Is it best to remodel my home in phases or all at once? This is a great question and one we hear somewhat frequently. We try to be as straightforward as possible with our answers to these questions, but often our answer has to start with another question. What are the most important factors in your remodel? Most often, it comes down to time and money.
Many homeowners ask this question because they are concerned about overall affordability and the impact a major, multi-room home remodel could potentially have on their daily lives. Here is a list of pros and cons to help you understand the costs, both literal and figurative, associated with each option.
All At Once
- One master plan creates consistency throughout your entire house.
- Depending on where you live – single HOA plan review, single City plan review, and single permit to pull.
- Bundling material orders and subcontractor work into one larger project is more cost-effective (economies of scale).
- Shorter, less expensive project timeline overall (time and expenses increase when you remodel in phases).
- Less invasive and shorter amount of time that your home is in disarray.
- Less noise and mess for neighbors.
- More money to pay upfront.
- You may need to find temporary housing, causing an added expense or an inconvenience to friends or family.
- Significant disruption and other inconveniences – like dust, noise, electrical shut-offs, water shut-offs, and more – if you live in your home during a larger remodel.
- Renovating all at once can feel overwhelming.
In Phases, Over Time
- Less money upfront creates more immediate cash flow.
- Ability to pay as you go, as you can afford each phase.
- Tackling smaller projects, one at a time can feel less overwhelming.
- A large portion of your house may still be livable.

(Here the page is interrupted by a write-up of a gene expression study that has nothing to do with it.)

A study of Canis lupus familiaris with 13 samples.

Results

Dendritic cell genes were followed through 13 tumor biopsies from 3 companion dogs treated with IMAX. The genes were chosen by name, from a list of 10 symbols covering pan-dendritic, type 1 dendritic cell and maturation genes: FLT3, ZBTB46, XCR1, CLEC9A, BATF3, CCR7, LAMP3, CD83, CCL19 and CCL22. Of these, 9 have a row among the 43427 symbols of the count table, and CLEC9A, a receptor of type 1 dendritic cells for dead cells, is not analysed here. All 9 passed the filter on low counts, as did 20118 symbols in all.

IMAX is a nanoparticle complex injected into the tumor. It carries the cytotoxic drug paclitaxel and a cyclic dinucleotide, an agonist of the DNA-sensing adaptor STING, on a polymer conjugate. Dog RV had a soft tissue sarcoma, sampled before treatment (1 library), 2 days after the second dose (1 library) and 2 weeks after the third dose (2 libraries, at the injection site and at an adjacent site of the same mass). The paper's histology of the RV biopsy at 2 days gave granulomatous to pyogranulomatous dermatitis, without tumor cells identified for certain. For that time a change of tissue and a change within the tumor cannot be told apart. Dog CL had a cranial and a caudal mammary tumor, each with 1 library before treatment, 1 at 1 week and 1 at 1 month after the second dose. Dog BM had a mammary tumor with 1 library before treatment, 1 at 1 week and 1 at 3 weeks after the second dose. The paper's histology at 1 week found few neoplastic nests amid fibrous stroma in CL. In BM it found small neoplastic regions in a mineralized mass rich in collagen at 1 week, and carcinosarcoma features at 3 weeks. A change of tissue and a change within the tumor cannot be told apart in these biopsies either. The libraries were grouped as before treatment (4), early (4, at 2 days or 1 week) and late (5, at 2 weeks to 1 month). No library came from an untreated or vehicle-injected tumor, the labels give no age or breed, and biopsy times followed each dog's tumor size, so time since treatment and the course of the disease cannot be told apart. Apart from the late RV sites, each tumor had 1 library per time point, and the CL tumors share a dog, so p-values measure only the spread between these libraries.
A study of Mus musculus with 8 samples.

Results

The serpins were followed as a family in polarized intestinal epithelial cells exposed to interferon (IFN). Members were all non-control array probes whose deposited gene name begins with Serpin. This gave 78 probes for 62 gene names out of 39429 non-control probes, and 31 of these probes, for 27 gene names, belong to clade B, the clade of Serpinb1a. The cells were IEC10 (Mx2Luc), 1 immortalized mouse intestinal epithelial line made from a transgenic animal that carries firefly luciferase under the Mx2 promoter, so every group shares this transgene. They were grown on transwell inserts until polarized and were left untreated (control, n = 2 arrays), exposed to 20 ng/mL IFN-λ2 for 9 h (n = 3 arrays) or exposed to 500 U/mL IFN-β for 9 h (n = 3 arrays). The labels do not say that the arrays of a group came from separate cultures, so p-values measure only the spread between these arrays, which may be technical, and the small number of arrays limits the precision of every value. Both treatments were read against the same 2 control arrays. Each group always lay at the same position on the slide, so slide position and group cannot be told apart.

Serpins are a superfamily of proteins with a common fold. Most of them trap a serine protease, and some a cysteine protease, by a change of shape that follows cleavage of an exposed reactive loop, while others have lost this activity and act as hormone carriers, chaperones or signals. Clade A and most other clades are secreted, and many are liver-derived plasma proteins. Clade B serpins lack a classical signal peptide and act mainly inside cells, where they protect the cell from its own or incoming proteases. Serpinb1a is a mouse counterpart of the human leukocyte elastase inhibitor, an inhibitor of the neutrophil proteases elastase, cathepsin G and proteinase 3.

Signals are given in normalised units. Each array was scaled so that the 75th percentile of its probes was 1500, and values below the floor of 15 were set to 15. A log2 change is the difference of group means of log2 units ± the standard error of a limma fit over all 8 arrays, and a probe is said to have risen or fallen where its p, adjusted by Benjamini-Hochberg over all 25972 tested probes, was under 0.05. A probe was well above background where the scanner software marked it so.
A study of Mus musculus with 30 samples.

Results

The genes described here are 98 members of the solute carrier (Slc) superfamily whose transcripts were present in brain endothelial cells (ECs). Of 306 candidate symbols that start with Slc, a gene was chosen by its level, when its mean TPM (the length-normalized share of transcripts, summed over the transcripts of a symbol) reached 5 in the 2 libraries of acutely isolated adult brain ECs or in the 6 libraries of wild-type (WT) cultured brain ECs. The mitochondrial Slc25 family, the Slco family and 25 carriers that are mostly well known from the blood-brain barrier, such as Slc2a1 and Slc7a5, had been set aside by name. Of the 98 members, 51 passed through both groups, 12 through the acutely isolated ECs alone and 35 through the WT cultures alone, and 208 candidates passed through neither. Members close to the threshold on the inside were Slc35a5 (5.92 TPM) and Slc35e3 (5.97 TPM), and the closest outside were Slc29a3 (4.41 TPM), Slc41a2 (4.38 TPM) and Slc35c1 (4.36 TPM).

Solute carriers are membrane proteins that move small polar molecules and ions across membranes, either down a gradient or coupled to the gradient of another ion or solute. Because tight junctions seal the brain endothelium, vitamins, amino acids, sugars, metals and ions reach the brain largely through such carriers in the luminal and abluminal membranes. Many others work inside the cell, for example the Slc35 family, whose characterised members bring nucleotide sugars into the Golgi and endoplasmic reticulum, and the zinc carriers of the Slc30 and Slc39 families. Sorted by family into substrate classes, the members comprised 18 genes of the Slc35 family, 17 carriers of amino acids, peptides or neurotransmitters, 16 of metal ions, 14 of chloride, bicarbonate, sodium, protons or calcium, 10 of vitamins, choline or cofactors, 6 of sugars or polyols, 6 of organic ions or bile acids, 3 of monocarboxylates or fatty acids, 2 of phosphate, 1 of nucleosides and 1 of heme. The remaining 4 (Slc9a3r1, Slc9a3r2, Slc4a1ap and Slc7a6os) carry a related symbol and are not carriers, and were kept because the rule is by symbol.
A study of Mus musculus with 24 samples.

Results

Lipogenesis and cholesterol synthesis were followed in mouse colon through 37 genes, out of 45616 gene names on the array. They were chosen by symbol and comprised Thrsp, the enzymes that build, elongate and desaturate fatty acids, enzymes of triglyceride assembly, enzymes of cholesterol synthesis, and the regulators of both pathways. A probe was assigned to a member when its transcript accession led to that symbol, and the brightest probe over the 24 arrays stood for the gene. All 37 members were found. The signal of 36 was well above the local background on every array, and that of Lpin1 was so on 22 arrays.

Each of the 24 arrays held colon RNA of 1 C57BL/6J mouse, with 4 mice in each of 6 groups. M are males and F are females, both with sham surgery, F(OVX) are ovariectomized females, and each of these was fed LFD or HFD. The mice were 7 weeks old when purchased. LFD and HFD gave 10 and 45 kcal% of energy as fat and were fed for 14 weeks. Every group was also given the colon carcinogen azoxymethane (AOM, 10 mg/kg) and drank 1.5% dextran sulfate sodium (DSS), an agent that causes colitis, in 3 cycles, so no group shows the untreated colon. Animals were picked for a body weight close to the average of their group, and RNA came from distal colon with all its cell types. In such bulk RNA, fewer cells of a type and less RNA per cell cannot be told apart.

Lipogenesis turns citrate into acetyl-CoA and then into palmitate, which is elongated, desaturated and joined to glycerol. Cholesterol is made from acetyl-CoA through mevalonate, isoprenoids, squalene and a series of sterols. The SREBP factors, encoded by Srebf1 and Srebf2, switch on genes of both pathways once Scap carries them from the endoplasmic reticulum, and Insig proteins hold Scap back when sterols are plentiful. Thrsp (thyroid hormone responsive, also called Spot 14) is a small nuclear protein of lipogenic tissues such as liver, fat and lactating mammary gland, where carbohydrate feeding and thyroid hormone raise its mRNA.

- In the long run, far more costly in overall time and expenses.
- Multiple plan reviews and permits eat up time, money, and energy.
- Lost momentum, and sustained disruption caused by serial remodeling, can mentally wear down homeowners as projects continue to drag on.
- It may be necessary to demo something completed in an earlier phase to begin the next phase – such as removing new drywall to access electrical, removing a new base and casement to lace in, or installing flooring.
- Code may require added work to be done – including outlet, railing, and light fixture installations – that might need to be removed in the next project phase.
- Remodeling in phases interrupts how trades work most efficiently – in order from “rough” work to “finish” work.
- Duplication of efforts and less efficient use of contractor time – including daily setup, travel time, cleanup of the job site, and more – can increase costs.
- By the time the next project phase begins, certain materials and finishes might be discontinued and unavailable.
- If you try to pre-order for the next phase of your remodel, you risk under-ordering materials if anything in the plan changes.
- It’s often hard to know where to start and stop during each phase, especially with flooring, paint, and trim.
All of this being said – your remodeling contractor should be available to make their recommendations on the plan for your project and make you feel comfortable every step of the way. If your builder is pushing you outside of your comfort zone – you’re working with the wrong team. At THE Remodel Group, we bring years of experience to the table as we are designing and strategizing your remodel but as the homeowner, you are able to set your boundaries.
Your Home Remodeling Contractor
If you’re ready to transform your home (either in phases or all at once) with the help of a contractor, the team at THE Remodel Group is here to listen! There’s nothing to lose and everything to gain when you employ our home remodeling team. Get in touch with us to discuss your project.